Two of my all time favorite filmmakers John Hughes and John Waters got married, put a Riot Grrl soundtrack to it and produced a love child called “Dirty Girl”. The film premiered at the Toronto International Film Festival a few weeks ago and I was lucky enough to see it back in Los Angeles. No doubt there will be minor comparisons made to the sweet and funny Easy A which just came out but this is a whole different teenage angst animal with even more subtext and soul. First time feature director Abe Sylvia wrote the script seven years ago and producer Rob Paris read it five years ago. Since then the two have followed their gut and persisted in making what is a fantastic film that will surely go down in the indie cult classics book. Theirs is a Hollywood story to make you smile and remember that people still make films because they simply believe in them and have no choice but to give up a decade of their lives in pursuit of something out of the ordinary. One of the best parts is hearing Mr. Paris recount his recent moment in Toronto when one of his partners tapped him on the shoulder midway thru the screening to tell him that Harvey Weinstein was at that moment buying the film outside the screening room.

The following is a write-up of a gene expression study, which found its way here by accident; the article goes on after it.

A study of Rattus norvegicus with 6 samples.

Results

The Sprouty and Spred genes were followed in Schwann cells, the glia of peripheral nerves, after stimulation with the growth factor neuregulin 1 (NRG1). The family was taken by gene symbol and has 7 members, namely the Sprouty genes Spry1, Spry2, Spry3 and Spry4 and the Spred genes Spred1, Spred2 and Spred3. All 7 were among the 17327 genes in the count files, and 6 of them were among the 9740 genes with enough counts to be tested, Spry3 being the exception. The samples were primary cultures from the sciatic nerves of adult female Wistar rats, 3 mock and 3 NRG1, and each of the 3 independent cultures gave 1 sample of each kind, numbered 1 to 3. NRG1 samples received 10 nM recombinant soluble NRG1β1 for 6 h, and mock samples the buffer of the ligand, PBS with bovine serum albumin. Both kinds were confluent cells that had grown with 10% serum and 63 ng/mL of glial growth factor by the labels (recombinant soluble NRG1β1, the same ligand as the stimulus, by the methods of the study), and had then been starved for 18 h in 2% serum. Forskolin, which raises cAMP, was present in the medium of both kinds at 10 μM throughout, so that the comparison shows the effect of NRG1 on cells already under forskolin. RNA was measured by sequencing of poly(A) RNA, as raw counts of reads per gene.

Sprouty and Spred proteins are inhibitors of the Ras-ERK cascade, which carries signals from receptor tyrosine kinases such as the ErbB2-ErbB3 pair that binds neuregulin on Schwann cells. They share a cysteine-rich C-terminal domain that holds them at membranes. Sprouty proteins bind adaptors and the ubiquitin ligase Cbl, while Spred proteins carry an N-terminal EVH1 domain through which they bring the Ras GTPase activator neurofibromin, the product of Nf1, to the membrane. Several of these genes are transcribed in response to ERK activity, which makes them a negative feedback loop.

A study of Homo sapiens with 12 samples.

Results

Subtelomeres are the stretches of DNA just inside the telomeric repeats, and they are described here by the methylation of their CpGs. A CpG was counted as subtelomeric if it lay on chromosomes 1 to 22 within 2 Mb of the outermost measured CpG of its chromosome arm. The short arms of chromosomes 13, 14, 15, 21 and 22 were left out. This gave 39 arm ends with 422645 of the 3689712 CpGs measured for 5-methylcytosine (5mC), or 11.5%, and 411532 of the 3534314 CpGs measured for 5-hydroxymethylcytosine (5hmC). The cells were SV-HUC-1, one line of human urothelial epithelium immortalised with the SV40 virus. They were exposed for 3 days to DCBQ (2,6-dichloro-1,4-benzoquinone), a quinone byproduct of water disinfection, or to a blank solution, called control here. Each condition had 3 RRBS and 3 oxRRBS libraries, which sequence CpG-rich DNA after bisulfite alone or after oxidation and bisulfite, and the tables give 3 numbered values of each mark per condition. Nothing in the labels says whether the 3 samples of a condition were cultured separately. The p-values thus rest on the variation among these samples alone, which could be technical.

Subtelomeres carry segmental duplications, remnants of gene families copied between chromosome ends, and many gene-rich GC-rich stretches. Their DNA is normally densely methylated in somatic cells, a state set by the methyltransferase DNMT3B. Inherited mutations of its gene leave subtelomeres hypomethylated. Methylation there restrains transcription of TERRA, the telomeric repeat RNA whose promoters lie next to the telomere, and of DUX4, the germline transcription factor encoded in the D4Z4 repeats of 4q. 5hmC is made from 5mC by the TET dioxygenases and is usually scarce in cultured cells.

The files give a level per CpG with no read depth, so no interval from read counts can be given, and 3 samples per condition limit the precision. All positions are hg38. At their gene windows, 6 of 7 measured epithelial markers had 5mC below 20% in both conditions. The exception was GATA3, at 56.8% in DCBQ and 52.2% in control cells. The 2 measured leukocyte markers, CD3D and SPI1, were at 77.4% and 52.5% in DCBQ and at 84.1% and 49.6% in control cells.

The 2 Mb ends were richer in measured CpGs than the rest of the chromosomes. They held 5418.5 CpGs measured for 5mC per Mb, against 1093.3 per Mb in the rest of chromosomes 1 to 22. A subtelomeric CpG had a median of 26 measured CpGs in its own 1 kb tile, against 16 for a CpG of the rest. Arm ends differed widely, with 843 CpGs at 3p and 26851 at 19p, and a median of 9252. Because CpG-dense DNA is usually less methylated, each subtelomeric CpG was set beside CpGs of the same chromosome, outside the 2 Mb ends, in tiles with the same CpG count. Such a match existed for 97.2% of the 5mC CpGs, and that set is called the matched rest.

The story follows Danielle, a fatherless high school girl in Norman Oklahoma circa 1986 with a real bad girl reputation with the boys. One with all the trimmings of sex in cars and all the daddy issues you could hope for. Her initially reluctant friend and class project partner is Clark, a gay, still closeted and awkward kid who is transformed during their last minute road trip to find Danielle’s father.
The cast is a Robert Altmanesque ensemble parody with Juno Temple as Danielle, Milla Jovovich who we never really get to see in parts like this as her young mom, William H. Macy as her Mormon husband to be and Dwight Yoakam as Clarke’s abusive dad. Mary Steenburgen plays Clarke’s meek submissive mother who in the end gives a great summary on parenting. And then of course there is brilliant newcomer Jeremy Dozier who plays Clarke. The already circulating myth around the audition tape he sent in which was done in his college dorm room gives the film even more cult status to look forward to. Juno, who began her career with relatively small roles in some pretty fantastic films including Atonement, Notes On A Scandal and The Other Boleyn Girl, is entrancing to watch as Danielle. She has a certain iciness about her that melts at a moment’s notice, just in time to poke you in the heart and make you love her unconditionally.
It is a difficult task to play with your audiences’ emotions so persistently the way “Dirty Girl” does, yet the film hits all the right buttons, up and down, pitch perfect. There is a childhood issue and emotional snafu for everyone to laugh and cry over and no outsider will feel the part as everyone gets playtime here.
The soundtrack is in itself a well-oiled machine of cult classics from Melissa Manchester, Pat Benetar, Le Tigre and YAZ that makes the musical subtext of the story pure genius. As if it didn’t have enough of that already. “Dirty Girl” will continue to make the festival rounds for another few months but should be out in theatres by Spring 2011.